Property For Members

Sheds and sewage: How neighbour disputes complicate life in Italy

Silvia Marchetti
Silvia Marchetti - [email protected]
Sheds and sewage: How neighbour disputes complicate life in Italy
Border issues with neighbours can make life in the Italian countryside far from idyllic. Photo by Artists Eyes on Unsplash

Living in the Italian countryside is the dream of a lifetime for many, but land disputes with neighbours can quickly turn even the most positive of experiences into a nightmare. Share you own tales in the comments section below.


Relocating to the Italian countryside isn’t always as bucolic and peaceful as it may seem, especially when you face border issues with neighbours.

In towns and cities, you can often refer disputes between neighbours - over, say, dogs barking at night or bike storage - to the administration of your condominio. But in rural areas people are left fending for themselves amid labyrinthine regulations dating back centuries.

Mary Johnson, a 75-year-old American-British retired widower from New York last year bought a property north of Frosinone. It’s a semi-detached house where she shares the western border wall with her Italian neighbour.

Johnson complains she only found after she bought the three-bedroom home for €250,000 that a piece of her garden “unfairly falls inside her neighbour’s orchard” and wants to claim it back, but it’s not that simple.

“This was originally one huge farmhouse built in the 1960s, then in 1980 it was split into two semi-detached villas. An arbitrary fence was pulled up to separate the properties, notifying the local land registry to update the catasto (cadastral plan), which has been done. But I can’t change it”, says Mrs Johnson.

The fence runs straight down her slanted garden all the way to the woods, but at a certain point it deviates for some 20 square metres into her neighbour’s land, where he has built a greenhouse.

“I know it might sound silly, but I want that little patch of garden back inside my property fence. Unfortunately, I’m told by lawyers I have hired that even though the map of the entire two-villa property shows it belongs to me, there is a previous law, dating back to ancient Roman and medieval times, that grants him the right to use that piece of land”, she says.



“The land of this farmhouse, when divided to be sold as two detached properties, was unevenly split to his advantage as his relatives belonged to the original shepherd family who first built it. 

“I’d like to drag him to court to fix the issue, but my lawyers say it would be a long, expensive trial lasting about eight years with no guarantee of victory”, says Johnson.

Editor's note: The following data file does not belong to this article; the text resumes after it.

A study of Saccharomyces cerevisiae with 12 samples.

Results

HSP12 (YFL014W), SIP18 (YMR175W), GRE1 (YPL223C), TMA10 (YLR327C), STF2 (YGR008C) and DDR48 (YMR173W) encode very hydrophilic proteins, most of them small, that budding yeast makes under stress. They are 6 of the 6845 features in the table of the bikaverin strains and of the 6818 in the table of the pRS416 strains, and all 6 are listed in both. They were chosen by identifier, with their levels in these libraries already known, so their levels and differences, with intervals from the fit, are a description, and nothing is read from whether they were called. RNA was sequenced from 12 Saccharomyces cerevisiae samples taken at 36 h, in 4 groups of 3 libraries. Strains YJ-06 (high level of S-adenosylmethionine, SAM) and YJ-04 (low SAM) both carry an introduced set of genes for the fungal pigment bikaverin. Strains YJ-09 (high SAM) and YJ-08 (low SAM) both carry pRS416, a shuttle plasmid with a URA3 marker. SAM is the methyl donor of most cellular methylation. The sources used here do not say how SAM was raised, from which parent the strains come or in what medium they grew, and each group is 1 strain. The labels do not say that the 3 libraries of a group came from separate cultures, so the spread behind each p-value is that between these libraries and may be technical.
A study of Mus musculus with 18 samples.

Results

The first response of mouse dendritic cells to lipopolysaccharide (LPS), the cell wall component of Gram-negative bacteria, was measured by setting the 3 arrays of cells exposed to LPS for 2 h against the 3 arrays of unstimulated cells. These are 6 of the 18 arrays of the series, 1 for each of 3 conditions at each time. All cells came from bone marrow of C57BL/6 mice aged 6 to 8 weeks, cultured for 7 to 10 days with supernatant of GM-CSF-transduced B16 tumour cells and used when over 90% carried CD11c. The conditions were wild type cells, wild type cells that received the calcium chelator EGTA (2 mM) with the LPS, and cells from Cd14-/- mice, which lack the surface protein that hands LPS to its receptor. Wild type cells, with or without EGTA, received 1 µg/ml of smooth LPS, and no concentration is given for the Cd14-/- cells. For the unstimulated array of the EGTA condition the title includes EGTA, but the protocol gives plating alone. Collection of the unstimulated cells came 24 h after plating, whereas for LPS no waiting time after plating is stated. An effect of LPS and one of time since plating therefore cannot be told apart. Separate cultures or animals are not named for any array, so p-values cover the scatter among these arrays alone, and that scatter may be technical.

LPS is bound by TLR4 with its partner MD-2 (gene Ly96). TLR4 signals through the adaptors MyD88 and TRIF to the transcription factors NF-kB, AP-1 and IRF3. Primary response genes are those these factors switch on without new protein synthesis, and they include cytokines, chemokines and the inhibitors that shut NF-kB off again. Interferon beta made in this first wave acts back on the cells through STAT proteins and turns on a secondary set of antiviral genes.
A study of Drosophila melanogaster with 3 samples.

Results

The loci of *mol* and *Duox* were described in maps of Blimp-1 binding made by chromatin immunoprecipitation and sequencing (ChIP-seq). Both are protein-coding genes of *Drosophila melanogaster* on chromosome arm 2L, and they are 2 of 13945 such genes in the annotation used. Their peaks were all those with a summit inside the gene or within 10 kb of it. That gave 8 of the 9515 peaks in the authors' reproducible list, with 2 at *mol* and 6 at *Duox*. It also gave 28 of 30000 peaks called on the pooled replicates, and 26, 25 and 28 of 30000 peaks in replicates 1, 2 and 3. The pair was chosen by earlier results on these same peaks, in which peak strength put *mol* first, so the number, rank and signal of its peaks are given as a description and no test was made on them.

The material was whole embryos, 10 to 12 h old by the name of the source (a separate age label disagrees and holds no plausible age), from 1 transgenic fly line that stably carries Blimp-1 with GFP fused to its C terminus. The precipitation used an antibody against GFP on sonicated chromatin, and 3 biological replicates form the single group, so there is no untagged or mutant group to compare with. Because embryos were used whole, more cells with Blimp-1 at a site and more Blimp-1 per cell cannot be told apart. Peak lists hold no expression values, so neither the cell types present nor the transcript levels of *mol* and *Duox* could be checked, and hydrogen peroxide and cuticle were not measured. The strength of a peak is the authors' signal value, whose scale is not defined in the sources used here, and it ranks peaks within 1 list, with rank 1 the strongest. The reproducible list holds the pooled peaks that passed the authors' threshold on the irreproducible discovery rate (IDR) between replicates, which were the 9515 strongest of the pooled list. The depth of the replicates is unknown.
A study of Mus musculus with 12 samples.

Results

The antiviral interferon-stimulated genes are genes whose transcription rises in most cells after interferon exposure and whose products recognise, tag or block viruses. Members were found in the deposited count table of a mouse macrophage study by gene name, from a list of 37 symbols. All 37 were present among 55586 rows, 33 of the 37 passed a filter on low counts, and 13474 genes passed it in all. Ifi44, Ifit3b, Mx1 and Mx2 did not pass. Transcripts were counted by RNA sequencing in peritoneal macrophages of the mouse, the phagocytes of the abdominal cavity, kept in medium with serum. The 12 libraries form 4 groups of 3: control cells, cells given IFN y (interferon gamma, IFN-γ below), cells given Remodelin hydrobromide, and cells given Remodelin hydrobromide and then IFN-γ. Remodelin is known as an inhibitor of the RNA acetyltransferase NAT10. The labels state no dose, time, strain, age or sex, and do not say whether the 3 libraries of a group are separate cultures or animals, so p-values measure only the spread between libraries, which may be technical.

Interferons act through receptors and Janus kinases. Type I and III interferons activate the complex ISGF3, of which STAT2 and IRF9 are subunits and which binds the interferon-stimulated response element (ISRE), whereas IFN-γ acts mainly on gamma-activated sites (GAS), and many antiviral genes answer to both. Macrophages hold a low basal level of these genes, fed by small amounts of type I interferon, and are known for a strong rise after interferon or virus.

Italian countryside

Land disputes are by no means rare in the Italian countryside and are often complicated by centuries-old regulations. Photo by Dan Hadar on Unsplash

In addition, by means of the ‘diritto di passaggio’ her neighbour could even insist on using a wooden shed in her side of the garden, where there’s an empty henhouse.

Along the fence unevenly dividing the two homes, there’s a small iron gate which allowed her neighbour to step into her garden to use the shed. She permanently sealed it a few months ago when he threatened to use the henhouse if she continued to complain about the land dispute.

“It’s a nightmare, I should have dug deeper before buying the house, now I’ll have to live with this and find a compromise with my neighbour”.


Paul Bernard, a 70-year-old French pensioner from Nice with a rural villa in Arezzo’s countryside, faces an even more unpleasant neighbour dispute: he has to share the sewage pipe, and annual draining costs, with the family next door.

The original property, built as one single farmhouse in 1955, was then divided into two detached units (villette bifamiliari), but the sewage system serving both remained just the one on Mr.Bernard’s side, running into his garden. 

According to a law called ‘diritto di servitu’ (right of service), dating from ancient Roman times, his neighbour is entitled ‘in perpetuity’ to use the sewage pipe, as it is the original one built with the old farmhouse. 

READ ALSO: The red flags to watch out for when buying an old house in Italy

“I did know about this but was hoping to have a cooperative, friendly neighbour,” he says. “We should share yearly costs of cleaning the sewage pipe, €700 per year, but he’s always late to contribute his €350, saying he’s facing hard times with five kids. So I need to take care of it, pay the drainage company, organise the cleaning and wait for him to pay me back when he can.”

Lawyers have told Bernard that the only way to get rid of this ‘diritto di servitu’ would be to pay to build his neighbour a new sewage pipe, which would cost roughly €15,000.


“If I cut him off without providing him with an alternative pipe, I could get sued, also by the local town hall for putting environmental health at risk.”

Before buying old rural properties, it's always best to spend some time doing research, contacting the town halls and land registries, and talking to neighbours as well, to avoid facing similar issues.

Often, even though it may be expensive, hiring a local lawyer with extensive knowledge of rural laws can be worthwhile.

Do you have your own bad experience of a neighbourly dispute in Italy? Share you own tales in the comments section below or email us at [email protected]


Join the conversation in our comments section below. Share your own views and experience and if you have a question or suggestion for our journalists then email us at [email protected].
Thankfully, when we bought our place in the countryside above Termini Imerese in Sicilia, there was full disclosure. It was a magazzino with an illegal addition and there was no water. It's all about relationships, so we pay our neighbor for mountain spring water that fills two cisterns and is piped into the house.